Bipartisan Franchise Bill Gets Partisan
It looks like there could be a House hearing on a national video franchising bill next week--one source says Thursday--with a markup (where bills are debated, amended or rewritten) likely the following week.
The bill would make it easier for telephone companies like Verizon and AT&T to offer video and broadband Internet service in competition to cable and satellite by helping them bypass often-contentious local franchise negotiations.
In the face of heavy pressure from cable, a bipartisan version of the bill that Committee Chairman Joe Barton (R-Tex.) had worked out with Democrats including ranking committee members John Dingell and Ed Markey, has morphed into a Republican-backed version.
Gone, say sources--a draft of the bill has not been circulated--is a provision that would not have allowed incumbent cable operators to seek a similar national franchise until the new entrant had penetrated 15% of households in a market, and one that would have instituted price controls by requiring incumbents to apply price cuts to their entire system, not just in the areas where incumbents might offer lower prices.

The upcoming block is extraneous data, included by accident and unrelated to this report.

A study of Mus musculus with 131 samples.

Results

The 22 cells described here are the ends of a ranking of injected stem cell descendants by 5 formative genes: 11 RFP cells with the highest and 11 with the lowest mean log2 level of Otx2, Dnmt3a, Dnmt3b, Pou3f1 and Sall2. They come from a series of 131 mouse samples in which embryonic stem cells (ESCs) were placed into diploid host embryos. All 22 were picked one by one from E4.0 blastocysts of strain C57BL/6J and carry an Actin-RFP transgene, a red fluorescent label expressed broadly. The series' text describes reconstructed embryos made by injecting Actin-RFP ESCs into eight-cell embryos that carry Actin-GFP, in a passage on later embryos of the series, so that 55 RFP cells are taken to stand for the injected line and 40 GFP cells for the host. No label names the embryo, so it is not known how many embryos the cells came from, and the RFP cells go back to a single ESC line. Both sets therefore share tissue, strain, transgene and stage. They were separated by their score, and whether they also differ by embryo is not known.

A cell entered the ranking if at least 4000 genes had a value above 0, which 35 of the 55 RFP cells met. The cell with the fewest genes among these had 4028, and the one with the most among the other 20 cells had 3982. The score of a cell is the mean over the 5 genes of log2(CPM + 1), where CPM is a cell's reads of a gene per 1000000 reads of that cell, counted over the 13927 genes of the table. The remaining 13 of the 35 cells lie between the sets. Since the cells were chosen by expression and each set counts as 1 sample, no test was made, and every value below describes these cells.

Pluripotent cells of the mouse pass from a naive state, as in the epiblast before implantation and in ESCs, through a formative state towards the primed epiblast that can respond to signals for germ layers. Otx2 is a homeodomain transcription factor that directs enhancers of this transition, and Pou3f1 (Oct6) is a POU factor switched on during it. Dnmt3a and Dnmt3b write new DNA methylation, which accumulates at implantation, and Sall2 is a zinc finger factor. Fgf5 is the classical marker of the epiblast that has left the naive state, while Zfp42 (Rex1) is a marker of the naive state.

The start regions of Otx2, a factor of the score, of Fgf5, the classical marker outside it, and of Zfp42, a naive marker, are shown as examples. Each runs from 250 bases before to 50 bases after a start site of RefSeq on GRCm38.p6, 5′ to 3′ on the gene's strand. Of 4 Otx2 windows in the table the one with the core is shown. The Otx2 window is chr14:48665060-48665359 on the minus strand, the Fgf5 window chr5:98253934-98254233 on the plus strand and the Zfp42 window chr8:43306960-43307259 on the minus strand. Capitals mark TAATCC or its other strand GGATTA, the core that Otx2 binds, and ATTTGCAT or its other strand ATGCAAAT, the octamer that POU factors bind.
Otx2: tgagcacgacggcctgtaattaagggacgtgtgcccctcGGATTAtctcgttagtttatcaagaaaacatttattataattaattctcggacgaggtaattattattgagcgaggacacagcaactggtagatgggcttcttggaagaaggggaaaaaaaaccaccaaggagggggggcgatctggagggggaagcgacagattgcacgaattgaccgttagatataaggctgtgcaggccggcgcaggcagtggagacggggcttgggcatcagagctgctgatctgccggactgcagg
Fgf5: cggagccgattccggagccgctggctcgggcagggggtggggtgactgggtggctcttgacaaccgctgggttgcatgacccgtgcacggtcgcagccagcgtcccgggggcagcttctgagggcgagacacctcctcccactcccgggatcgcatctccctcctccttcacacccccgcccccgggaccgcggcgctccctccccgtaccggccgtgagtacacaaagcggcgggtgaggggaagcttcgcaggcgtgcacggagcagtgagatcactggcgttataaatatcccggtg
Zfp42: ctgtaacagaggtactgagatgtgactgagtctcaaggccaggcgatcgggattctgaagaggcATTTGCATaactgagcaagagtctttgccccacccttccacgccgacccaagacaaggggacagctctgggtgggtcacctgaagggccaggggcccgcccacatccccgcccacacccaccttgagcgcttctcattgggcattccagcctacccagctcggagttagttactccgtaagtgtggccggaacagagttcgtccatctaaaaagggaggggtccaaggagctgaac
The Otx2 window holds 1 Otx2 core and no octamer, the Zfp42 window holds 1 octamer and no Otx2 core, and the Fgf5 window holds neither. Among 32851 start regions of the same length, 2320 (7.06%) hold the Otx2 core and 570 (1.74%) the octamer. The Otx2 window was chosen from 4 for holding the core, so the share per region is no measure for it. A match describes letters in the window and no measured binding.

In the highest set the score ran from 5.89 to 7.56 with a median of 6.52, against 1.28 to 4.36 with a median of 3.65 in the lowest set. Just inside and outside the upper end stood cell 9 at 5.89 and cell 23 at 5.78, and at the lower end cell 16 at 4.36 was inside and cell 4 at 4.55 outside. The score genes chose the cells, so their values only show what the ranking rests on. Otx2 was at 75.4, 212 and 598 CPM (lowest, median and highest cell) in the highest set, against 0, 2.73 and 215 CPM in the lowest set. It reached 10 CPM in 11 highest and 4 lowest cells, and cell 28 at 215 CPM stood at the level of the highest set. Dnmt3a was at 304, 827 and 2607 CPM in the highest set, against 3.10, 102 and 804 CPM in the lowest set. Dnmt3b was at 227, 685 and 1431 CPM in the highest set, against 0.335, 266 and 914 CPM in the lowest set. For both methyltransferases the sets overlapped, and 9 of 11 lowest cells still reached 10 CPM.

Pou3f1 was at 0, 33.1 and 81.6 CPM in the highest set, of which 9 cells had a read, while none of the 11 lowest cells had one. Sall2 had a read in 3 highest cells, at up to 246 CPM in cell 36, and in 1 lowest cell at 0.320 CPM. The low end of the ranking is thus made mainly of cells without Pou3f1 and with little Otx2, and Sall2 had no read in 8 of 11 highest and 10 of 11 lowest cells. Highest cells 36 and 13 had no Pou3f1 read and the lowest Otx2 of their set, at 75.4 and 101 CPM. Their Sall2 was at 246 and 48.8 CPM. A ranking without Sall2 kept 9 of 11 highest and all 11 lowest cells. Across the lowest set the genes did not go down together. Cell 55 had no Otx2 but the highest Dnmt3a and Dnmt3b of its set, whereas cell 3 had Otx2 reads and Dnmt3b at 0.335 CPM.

There remains a "net neutrality" provision preventing discrimination in the provision of Internet access service. Essentially it would codify neutrality principles offered as guidance by the FCC as part of their decision not to require either cable or telco networks to provide nondiscriminatory access to independent Internet service providers.
Earlier this week, National Cable & Telecommunications Association President Kyle McSlarrow, who had called the bipartisan bill a big step in the wrong direction, suggested that things were looking up and said that the absence of the 15% and uniform pricing provisions would make it a cable-friendlier bill. NCTA also backs franchise reform, Says McSlarrow, so long as it applies to both incumbents and new entrants eqitably.
The Senate Commerce Committee is still hoping to get its version of a telcom reform bill marked up and passed this session as well, though there is not much time before legislators get into campaign mode for the November election.